Snore Rooms: A Growing Trend in Home Design

Tuesday, April 3, 2012 at 2:01PM

Snore rooms may be the answer for some couples.

A “snore room” is now included in homes at Del Webb’s Sun City Shadow Hills community in Indio, CA.

Love may be blind, but it’s not deaf. So, when one partner snores, it can really wreak havoc on the marriage — and on the non-snoring spouse. In fact, bedmates of snorers lose an average of one to two hours of sleep per night and they wake up an average of 21 times per hour. Furthermore, nearly one quarter of all married couples don’t sleep side-by-side through the night, up 12 percent from 2001.

Being awakened by your partner’s snoring is so significant that there is a name for it — spousal arousal syndrome. And, the results are not pretty. The non-snoring partner can suffer from daytime exhaustion, which causes a whole host of including difficulty with concentration and productivity. It also can cause them to experience fatigue, irritability, weight gain, high blood pressure and memory issues.

As result, the market is flooded with items to help with this issue. From mouthpieces and breathing strips to nasal sprays and specialized mattresses, there is a lot to choose from to address this issue. Even builders are trying to address the issue by developing a so-called snore room.

While the concept of a snore room is not a new idea, it is catching on. In fact, it’s reported that celebrities like Tom Cruise and Katie Holmes, and Judge Judy and her husband have snore rooms in their homes. Additionally, the international hotel chain, Crowne Plaza, is testing snore absorption rooms.  At the forefront of this movement, are two builders, Del Webb and D.R. Horton, which are offering new home designs featuring snore rooms near the master bedroom for couples who can’t always catch a good night’s sleep together due to snoring, differing schedules or other annoying nighttime habits.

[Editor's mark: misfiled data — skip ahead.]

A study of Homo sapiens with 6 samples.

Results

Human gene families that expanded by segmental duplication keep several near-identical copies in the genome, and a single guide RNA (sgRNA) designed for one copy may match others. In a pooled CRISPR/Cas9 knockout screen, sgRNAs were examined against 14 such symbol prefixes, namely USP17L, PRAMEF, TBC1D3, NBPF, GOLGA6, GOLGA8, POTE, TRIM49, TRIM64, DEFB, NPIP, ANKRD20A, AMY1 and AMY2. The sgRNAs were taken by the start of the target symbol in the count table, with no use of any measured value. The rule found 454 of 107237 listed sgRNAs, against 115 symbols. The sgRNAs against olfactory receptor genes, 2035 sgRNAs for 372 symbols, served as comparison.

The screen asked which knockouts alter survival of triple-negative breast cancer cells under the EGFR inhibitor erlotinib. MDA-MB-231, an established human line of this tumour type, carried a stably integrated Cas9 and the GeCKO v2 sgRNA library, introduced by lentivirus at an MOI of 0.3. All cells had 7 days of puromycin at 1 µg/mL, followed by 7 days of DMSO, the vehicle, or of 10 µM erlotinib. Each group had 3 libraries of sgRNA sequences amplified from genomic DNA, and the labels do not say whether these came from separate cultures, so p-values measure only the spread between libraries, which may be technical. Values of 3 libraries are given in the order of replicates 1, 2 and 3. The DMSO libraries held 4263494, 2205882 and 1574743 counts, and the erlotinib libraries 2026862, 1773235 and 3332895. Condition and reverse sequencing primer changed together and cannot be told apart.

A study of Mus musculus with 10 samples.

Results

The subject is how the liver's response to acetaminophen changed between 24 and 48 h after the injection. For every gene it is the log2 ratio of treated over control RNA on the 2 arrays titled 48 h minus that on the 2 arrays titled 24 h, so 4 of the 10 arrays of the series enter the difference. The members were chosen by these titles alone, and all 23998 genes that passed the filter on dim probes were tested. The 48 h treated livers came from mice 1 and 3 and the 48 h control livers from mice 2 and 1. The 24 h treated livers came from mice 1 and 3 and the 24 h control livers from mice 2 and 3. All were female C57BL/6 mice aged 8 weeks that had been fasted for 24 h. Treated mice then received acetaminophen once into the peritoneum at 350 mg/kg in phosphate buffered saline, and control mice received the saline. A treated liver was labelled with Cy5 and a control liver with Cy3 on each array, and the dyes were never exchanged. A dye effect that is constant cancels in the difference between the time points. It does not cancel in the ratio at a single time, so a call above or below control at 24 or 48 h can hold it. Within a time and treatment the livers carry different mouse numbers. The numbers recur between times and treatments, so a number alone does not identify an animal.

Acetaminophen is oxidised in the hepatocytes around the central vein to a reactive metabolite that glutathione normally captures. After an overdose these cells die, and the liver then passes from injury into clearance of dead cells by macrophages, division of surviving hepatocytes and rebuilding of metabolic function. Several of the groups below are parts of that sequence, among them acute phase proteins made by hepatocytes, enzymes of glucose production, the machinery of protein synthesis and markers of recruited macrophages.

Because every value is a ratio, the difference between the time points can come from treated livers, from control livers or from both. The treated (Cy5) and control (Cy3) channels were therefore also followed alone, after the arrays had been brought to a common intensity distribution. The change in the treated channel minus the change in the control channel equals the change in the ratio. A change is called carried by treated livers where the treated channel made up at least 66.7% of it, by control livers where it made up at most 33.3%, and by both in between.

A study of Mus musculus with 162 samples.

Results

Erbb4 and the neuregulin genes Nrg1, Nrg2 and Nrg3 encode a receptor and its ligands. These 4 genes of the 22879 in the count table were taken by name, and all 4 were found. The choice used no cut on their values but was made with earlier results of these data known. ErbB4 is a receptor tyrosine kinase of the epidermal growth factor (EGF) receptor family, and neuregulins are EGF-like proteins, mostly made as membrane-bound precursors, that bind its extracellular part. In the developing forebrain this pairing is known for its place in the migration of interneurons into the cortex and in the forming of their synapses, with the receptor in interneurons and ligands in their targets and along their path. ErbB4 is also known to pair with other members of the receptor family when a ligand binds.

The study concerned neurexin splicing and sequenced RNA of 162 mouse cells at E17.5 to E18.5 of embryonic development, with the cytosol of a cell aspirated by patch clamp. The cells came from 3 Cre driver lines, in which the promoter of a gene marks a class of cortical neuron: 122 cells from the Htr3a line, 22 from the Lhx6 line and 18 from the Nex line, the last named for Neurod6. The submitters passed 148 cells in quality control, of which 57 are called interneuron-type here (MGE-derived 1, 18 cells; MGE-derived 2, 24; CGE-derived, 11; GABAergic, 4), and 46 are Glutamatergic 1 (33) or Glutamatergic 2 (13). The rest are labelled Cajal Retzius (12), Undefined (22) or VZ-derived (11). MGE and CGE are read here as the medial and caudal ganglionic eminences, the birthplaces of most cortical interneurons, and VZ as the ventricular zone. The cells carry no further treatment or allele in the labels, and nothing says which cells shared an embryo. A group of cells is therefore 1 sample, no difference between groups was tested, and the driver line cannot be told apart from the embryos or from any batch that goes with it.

No, they haven’t developed a padded, soundproof room for the snorer, But instead, they have created a dual master bedroom design featuring a primary bedroom and an enclave that share the master bathroom and closet. It is perfect for couples who want to start out in the same bed, but then may end up apart because of ear-splitting snoring. What they have found is that most people feel this feature is a more civilized option rather than forcing one spouse to be relegated to a spare bedroom or worse yet, the sofa. By sleeping in adjoining rooms they still maintain some of the closeness and privacy that they may not get from sleeping down the hall from one another.

Currently, Del Webb offers its dual master bedroom in communities in Nashville, Houston and Southern California. Meanwhile, D.R. Horton is building model homes showcasing the designs at sites in New Jersey and Pennsylvania.